The Great University of Manitoba 16mm Massacre

From Uptown Magazine May 8, 2008

Act of mass destruction
Walter Forsberg goes on a rescue mission after U of M purges its collection of 16mm prints

Last week a colleague alerted me to the presence of hundreds of 16mm film reels and cans, sitting empty in the recycling facilities at the University of Manitoba. This colleague – who I will call ‘Hollis’ – and I arrived at the university soon thereafter with the empty trunk of my white Oldsmoblile ready to salvage anything possible from the apparently purged film collection.

All manner of wild accusatory phantasma circulated in my brain and frankly, after Hollis and I rescued some of the empty reels, I was pretty confrontational when speaking with Ms. Irene Thai, the U of M’s IST (Informational Service and Technology) manager of classroom services. Ms. Thain, though, was still nice enough to send me an e-mail laundry list of reasons why the 16mm was ditched, citing: “deterioration, breakage and decomposition of the prints, lack of use and demand, obsolescence of the 16mm projectors, and the ability to replace 16mm prints with video prints when material was still in demand.”

Respectfully, Ms. Thain’s explainable for wholesale destruction of a library collection is unconvincing – especially given that Ms. Thain’s original reasoning (while I was in her office having a conniption) for the purge was that the prints were “unwatchable.” Obviously, 16mm technology is outmoded and projectors are hard to replace/fix, but I’ve been a projectionist for five years and ‘unwatchability’ is too broad a claim to make – particularly when hundreds (approaching a thousand) of prints are involved. It makes one wonder whether each print was inspected by a trained film archivist – with background checks into a title’s print availability elsewhere – or if the library and IST simply wanted to clear out some space.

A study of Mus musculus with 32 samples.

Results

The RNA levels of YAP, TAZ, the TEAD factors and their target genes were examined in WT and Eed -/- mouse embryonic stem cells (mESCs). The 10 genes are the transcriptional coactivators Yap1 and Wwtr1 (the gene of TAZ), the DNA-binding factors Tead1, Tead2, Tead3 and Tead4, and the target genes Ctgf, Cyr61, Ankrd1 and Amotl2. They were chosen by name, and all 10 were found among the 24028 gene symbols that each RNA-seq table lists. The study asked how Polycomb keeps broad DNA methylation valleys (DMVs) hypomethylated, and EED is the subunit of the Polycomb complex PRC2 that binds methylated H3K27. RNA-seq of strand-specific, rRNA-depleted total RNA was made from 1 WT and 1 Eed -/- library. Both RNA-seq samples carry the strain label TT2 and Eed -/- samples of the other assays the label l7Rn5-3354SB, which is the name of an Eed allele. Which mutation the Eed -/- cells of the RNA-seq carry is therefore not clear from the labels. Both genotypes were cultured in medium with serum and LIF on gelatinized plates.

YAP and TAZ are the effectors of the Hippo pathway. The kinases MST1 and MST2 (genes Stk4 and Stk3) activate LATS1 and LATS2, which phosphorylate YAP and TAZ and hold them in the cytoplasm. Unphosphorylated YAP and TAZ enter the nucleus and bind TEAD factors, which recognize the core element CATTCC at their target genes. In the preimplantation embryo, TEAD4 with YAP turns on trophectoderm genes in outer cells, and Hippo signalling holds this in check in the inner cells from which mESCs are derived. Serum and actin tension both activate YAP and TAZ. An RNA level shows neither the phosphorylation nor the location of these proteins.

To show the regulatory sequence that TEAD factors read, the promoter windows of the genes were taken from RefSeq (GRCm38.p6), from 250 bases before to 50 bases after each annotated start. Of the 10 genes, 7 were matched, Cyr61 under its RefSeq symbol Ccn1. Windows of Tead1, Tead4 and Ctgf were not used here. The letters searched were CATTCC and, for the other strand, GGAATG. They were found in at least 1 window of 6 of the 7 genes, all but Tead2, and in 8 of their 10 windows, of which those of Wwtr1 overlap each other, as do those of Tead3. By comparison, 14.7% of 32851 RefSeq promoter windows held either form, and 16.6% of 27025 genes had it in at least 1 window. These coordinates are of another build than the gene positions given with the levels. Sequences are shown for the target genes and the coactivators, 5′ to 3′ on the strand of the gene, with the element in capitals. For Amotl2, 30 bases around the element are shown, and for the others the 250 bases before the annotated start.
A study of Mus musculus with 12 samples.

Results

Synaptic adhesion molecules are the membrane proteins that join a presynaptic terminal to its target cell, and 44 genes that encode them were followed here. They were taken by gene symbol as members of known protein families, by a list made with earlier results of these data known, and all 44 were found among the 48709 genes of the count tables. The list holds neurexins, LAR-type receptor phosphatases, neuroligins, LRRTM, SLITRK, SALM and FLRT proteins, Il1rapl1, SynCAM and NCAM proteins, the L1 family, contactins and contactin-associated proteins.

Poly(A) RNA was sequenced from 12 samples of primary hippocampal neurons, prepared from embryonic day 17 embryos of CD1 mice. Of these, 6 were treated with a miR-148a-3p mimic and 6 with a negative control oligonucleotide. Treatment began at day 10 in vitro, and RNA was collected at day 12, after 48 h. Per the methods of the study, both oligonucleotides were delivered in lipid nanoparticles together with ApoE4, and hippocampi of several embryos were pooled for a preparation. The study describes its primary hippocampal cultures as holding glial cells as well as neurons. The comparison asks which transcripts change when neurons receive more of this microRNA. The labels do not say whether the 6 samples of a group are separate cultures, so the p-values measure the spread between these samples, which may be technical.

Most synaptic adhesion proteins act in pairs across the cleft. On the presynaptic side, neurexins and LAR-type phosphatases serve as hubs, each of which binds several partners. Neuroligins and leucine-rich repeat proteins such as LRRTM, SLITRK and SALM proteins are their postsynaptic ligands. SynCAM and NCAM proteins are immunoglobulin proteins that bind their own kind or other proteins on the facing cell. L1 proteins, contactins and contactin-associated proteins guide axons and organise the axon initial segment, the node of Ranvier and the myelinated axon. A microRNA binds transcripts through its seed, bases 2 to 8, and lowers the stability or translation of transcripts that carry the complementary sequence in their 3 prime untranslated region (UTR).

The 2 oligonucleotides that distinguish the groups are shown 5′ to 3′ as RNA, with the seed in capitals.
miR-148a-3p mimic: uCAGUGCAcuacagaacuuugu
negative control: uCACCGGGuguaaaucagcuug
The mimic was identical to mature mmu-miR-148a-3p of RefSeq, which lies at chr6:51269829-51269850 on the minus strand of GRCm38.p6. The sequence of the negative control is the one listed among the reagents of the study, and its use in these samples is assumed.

Ms. Thain’s excuses remind me of the bibliographic-bureaucratic justification for the destruction of antique books and newspapers once they’ve been scanned onto microfilm (a practice horrifyingly charted in Nicholson Baker’s lent muckraking tome, Double Fold). The parallel is a good one, given Ms. Thain’s allusion to “video prints.” Like microfilm, video (in this case a few labels on the reel cans indicate very limited VHS transfers) doesn’t even have a quarter of the lifespan that the original materials do, yet the originals are tossed out happily by the very librarians that society and public funding have charged with the preservation of knowledge.

Also, any kind of poor collection management that lead to print deterioration ( auto-load projectors, weak print-revision practices and the U of M’s admitted lack of temperature-controlled media storage) seems like a faulty line of reasoning: ‘We took such poor care of these, so now we’re going to throw them out.’

What the U of M has committed – knowingly or not is a repulsive library practice. Who’s to know what kind of valuable material was contained in those films, and whether or not original negatives for them are still extant elsewhere (very, very possibly not the case)? Certainly not us, now that the evidence is gone.

(BTW: Destructed films are usually recycled into acetate fire logs thanks to disposal services offered by Technicolor – representatives from which had no official comment and spoke to me with the kind of conspiratorial secrecy usually reserved for jaunts along the Washington Mall.)

– Walter Forsberg




2 Responses to “The Great University of Manitoba 16mm Massacre”

  1. Liked your short very much Clint. As the beauty/importance of what was had come into focus/are realized, they are lost. Sad.